Couperose: Characteristics and Treatments
Couperose is a dermatological condition that can lead to Rosacea or other serious problems if left untreated. The appearance of reddish patches in the skin is the main characteristic, mainly due to temperature changes. It isn’t a disease in medical terms but is mainly an aesthetic problem.
Facial redness is normal under some circumstances, especially during the winter due to the cold temperatures. However, if the rednesses becomes permanent and intense over time, the problem might be Couperose.
This condition affects more women than men and is due to both external and internal causes. It’s also more frequent in those with fair or pale skin. It’s important to diagnose this problem as early as possible to undergo proper treatment.
Couperose is a vascular anomaly that mainly manifests in the venules and arterioles. This is because they have very little elasticity. Thus, when the circulation increases sharply, the skin becomes red and just stays. The reason is that the blood vessels aren’t elastic and have a hard time returning to their normal state.
Generally, reddish areas cover the cheeks, chin, and nose, although they can also appear anywhere on the face or neckline. Anyone is prone to this type of redness, but it’s usually temporary. When it becomes permanent, it might be due to Couperose.
There are two phases in this type of skin condition. In the first one, there’s only redness of some areas of the face or neckline, which at first disappear quickly. However, they progressively become permanent. In the second phase, telangiectasia, better known as spider veins, appear.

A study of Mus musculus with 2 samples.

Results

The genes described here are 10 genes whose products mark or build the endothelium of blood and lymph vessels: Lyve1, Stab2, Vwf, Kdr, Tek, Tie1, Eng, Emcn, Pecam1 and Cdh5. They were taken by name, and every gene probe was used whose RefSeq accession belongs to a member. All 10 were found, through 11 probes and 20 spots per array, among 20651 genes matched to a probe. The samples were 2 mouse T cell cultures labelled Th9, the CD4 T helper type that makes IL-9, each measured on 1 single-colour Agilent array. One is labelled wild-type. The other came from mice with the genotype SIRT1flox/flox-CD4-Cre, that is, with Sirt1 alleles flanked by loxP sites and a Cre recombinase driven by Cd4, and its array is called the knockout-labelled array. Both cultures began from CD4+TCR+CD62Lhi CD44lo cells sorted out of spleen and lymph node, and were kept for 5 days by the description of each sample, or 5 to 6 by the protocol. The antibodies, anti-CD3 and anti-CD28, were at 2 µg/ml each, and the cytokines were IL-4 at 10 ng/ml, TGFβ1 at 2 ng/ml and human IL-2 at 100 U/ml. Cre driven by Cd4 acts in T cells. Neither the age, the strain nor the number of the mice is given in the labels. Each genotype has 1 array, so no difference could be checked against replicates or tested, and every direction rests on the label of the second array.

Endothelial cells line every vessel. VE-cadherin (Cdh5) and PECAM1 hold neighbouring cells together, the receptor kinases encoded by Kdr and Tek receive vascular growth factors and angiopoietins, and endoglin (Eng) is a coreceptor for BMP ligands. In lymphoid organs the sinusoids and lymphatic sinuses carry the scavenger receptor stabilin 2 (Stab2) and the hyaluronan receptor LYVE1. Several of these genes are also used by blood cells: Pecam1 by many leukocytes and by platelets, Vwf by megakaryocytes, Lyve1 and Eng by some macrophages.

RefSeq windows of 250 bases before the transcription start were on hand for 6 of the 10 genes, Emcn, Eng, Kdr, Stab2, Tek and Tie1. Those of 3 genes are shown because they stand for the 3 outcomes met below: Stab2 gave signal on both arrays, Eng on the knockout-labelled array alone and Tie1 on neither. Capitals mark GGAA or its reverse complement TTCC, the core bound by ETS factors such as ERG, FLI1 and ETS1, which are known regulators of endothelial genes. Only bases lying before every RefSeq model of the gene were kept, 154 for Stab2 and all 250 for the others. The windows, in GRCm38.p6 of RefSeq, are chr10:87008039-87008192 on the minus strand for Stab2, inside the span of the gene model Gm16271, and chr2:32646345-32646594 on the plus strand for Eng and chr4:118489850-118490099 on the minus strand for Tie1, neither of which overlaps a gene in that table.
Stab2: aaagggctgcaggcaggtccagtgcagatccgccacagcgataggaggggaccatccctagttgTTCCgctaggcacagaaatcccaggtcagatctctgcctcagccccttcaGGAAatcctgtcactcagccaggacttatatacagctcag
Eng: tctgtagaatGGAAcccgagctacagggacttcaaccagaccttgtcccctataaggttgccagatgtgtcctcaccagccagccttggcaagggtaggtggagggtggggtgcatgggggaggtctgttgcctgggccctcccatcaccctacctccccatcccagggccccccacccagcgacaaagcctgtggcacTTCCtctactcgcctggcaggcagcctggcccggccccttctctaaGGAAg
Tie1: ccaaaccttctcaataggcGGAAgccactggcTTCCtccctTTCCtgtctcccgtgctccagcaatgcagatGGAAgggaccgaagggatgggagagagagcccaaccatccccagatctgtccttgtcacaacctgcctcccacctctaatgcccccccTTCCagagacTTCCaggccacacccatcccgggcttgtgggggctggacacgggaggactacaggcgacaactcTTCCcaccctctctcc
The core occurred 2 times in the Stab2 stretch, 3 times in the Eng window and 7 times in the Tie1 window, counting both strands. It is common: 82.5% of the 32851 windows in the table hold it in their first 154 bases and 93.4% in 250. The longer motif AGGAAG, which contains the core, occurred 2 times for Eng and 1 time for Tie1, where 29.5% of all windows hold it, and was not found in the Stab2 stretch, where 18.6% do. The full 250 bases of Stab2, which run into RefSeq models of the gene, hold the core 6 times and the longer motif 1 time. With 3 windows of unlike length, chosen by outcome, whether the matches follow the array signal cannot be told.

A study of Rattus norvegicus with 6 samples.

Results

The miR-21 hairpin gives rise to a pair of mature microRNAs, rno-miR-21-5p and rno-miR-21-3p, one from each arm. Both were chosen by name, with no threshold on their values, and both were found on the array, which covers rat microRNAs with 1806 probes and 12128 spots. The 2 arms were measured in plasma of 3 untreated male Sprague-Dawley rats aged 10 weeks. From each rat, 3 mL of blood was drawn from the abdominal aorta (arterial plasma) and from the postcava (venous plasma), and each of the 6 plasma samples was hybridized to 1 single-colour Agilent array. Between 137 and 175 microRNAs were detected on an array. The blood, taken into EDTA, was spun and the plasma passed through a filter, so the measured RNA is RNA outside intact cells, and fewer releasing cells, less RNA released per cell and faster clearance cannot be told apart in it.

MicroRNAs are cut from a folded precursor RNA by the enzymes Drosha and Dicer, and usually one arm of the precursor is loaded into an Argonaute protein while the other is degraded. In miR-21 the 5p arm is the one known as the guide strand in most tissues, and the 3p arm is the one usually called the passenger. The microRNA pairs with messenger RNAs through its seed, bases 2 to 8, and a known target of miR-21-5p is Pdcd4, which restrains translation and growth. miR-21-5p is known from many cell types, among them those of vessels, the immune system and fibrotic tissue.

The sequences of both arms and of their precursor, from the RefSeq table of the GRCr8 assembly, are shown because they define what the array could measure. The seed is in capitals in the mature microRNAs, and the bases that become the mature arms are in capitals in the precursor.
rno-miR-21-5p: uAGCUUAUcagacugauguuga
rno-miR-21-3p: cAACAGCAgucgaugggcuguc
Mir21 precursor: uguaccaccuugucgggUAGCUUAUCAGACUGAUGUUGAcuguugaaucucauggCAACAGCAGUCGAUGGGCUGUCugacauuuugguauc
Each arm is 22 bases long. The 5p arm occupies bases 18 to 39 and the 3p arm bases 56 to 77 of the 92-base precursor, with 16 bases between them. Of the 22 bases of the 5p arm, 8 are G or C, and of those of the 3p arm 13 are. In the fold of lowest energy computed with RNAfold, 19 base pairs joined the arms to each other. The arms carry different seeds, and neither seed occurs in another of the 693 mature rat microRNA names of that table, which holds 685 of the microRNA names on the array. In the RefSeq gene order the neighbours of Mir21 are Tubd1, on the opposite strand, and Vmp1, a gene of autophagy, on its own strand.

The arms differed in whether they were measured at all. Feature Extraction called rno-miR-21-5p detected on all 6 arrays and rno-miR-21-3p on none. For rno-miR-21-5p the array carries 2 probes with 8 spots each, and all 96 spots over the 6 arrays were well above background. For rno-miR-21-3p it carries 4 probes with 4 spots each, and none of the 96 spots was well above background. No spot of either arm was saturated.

These look like a small reddish web with thin lines that sort of look like long, thin spider legs (hence the name). They range from red to slightly violet and are a definite sign of the presence of Couperose.
As we said above, this vascular anomaly is due to the lack of elasticity of the blood vessels. When the small vessels dilate for any reason, they remain so and fail to contract again. Then they become more visible through the skin and this is the reason why there’s a reddish area.
Also, the factors that can lead to the dilation of these small vessels can be:
- Sudden changes in temperature
- Weather factors, such as excessive wind
- Bumps or minor trauma to the skin
- Excessive intake of alcohol
- The application of irritants on the face
- Overexposure to the sun or UVA lamps
- High stress or anxiety
- Spicy meals
- Hormonal changes
- Hypertension or diabetes
- Use of corticosteroid medications
The exact cause for which Couperose occurs is unknown. However, we do know that genetics plays a role in it. Thus, it’s common for this anomaly to occur in people whose parents also had it.
The main manifestation of Couperose is the appearance of reddish areas and spider veins. Only on counted occasions are these are accompanied by a burning sensation or localized pain. In some cases, this condition is the first phase of Rosacea, another skin condition. This is especially common if it manifests with facial spots or pustules.
Many people don’t have problems after the initial phase. In any case, it’s always a good idea to consult a dermatologist when the first symptoms occur. This is because it’s a lot easier to control when you begin treatment early.
Prevention is usually more effective than any type of treatment when it comes to dermatological problems. Because the cause of Couperose is still a mystery to science, all they can recommend is that you perform a daily skincare routine using appropriate products for your skin type and adopt overall healthy lifestyle habits.
Once the condition manifests, the treatment will depend on its severity. In general, some creams can reduce the blood flow in the affected area. Meanwhile, some medications can help. However, vascular laser treatment is often a lot more efficient.